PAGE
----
José Maria Neves, president of Cape Verde, tours MIT

President José Maria Neves of Cape Verde visited MIT on Tuesday, meeting with Associate Provost Richard Lester and other members of the campus community, and conducting a public event about e-governance in Africa that highlighted the ways technology has helped his country.

“Technology and information are a mechanism or means to establish links between [our] islands, and between Cape Verde and the diaspora,” Neves said at the public forum. He added that high-tech communications have been “an essential tool to organize the country, and also to accelerate the transformation of the country.” Using online tools more extensively, he noted, “leads to more inclusion, more transparency.”

The forum was part of the MIT x TAU series focusing on various aspects of sustainable development in Africa. The event was held before an audience in MIT’s Samberg Center as well as webcast live, and was sponsored by MIT’s Center for International Studies (CIS), the MIT-Africa Program, Global MIT, and the True Africa University (TAU), a global learning network.

The forum was moderated by Claude Grunitzky MBA ’12, a journalist and entrepreneur who runs the TRUE Africa media platform and founded TAU, and is a research affiliate at CIS.

In his remarks, Neves expressed a forward-looking vision for his country, an island nation about 400 miles west of Africa with a population of just over 550,000. It has been a representative democracy since the 1990s.

“There’s going to be a need to invest more in education, science, and innovation,” said Neves, who communicated most of his remarks through a translator. “If there is a will, if there is determination, the resources will be mobilized.”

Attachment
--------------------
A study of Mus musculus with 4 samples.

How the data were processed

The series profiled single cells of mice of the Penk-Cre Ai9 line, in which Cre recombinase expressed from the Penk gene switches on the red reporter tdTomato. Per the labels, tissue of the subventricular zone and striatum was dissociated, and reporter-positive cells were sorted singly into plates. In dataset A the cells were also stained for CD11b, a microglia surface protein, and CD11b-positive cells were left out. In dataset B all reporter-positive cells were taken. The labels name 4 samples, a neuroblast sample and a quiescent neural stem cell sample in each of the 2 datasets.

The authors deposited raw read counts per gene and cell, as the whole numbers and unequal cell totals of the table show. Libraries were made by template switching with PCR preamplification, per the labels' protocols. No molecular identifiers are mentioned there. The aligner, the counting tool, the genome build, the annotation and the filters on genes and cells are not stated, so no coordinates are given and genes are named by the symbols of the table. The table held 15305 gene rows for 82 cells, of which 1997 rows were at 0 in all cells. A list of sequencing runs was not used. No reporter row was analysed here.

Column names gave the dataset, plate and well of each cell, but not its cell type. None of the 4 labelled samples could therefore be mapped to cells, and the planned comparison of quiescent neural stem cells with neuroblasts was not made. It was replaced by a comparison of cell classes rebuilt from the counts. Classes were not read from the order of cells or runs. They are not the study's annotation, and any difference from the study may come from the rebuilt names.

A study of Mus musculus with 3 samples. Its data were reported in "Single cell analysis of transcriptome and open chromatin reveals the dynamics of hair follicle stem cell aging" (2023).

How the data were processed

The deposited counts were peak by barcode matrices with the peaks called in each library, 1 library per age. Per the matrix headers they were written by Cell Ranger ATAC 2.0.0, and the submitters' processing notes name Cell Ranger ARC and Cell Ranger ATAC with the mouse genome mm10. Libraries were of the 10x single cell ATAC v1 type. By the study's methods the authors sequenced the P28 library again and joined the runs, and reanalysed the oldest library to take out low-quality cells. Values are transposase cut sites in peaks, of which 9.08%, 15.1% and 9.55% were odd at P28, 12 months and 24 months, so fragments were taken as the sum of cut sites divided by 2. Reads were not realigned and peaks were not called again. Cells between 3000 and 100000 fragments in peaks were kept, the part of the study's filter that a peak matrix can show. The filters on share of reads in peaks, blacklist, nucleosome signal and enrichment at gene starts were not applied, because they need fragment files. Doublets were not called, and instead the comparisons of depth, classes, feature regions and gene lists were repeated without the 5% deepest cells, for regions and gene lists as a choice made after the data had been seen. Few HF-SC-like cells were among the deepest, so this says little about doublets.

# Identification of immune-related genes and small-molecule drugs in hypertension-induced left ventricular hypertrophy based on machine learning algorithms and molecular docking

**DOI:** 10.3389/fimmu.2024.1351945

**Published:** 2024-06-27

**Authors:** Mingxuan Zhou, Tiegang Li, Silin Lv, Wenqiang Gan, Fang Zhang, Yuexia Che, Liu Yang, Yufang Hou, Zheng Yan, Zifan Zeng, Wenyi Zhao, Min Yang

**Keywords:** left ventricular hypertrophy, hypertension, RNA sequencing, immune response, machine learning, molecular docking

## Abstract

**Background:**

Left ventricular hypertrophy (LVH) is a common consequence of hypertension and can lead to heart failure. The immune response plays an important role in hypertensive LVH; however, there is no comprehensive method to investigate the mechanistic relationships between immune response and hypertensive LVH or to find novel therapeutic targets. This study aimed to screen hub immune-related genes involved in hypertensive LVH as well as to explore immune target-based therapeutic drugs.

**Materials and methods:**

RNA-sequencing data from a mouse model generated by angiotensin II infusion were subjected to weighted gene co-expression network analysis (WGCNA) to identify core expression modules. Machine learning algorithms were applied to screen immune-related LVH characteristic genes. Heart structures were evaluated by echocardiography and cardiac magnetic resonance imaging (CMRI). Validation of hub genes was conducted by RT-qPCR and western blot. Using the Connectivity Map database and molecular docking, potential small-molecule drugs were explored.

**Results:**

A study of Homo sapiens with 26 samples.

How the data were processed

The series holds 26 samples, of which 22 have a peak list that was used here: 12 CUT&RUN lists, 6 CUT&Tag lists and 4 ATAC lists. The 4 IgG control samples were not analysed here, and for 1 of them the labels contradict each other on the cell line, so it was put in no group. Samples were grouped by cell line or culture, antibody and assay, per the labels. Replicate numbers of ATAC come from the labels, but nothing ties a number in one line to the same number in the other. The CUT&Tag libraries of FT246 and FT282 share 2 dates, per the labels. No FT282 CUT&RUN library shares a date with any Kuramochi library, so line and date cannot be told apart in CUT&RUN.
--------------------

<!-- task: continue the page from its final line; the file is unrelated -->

In recent years, Cape Verde has developed a formal framework for its expansion of online governance capacity. Among other things, Neves noted that online government records now allow for the quick resolution of transactions which, in the past, might have taken up to a year to conduct, especially for Cape Verdeans who live overseas and rarely visit in person. Cape Verde has provided more internet access points for residents, and used online tools in election administration.

Neves’ visit to MIT was one of several events he was holding in the region; New England has a large diaspora community of Cape Verdean heritage.

“One of the strengths of Cabo Verde is having this diaspora spread throughout the world,” Neves said. “This community is extremely important to Cape Verde.” He also linked his country’s success in governance to the global connections it has maintained.

“Cape Verde is a free country, a democratic country, a place where the law works, and it’s democratized and there’s freedom,” Neves said. “All of that is because we have a country that’s very open to the world.”

Neves was born on the island of Santiago in Cape Verde and graduated from the School of Business Administration of the Getúlio Vargas Foundation in São Paulo, Brazil. He served as prime minister of Cape Verde from 2001 through 2016, and has been its president, the head of state, since November 2021.

Before the public forum, Neves also held a smaller meeting with a group of MIT faculty, students, and staff, fielding questions about an array of issues.

“MIT is a reference [point] of higher education in Cape Verde, so there are many ways to collaborate,” Neves said, outlining a variety of possibilities for student exchange and educational cooperation.

Mutliple people in the group also asked Neves questions about language and communication in Cape Verde. The official language is Portugese, though much international activity has to be conducted in English; meanwhile, much of the public speaks Cape Verdean Creole.

As far as conducting more activity in Cape Verdean Creole, Neves said, “I do think that things are evolving gradually, and we are building consensus.” He added, “We must help people understand the importance of bilingualism or multilingualism in Cape Verde. We are a lot richer because we have two languages.”

And while this was the first visit Neves had made to the campus, he said he hoped for further engagement between MIT and his government, and joked that he himself could be an Institute student some day.

“Next time I will sign up for an MIT course,” Neves quipped at the end of the public forum.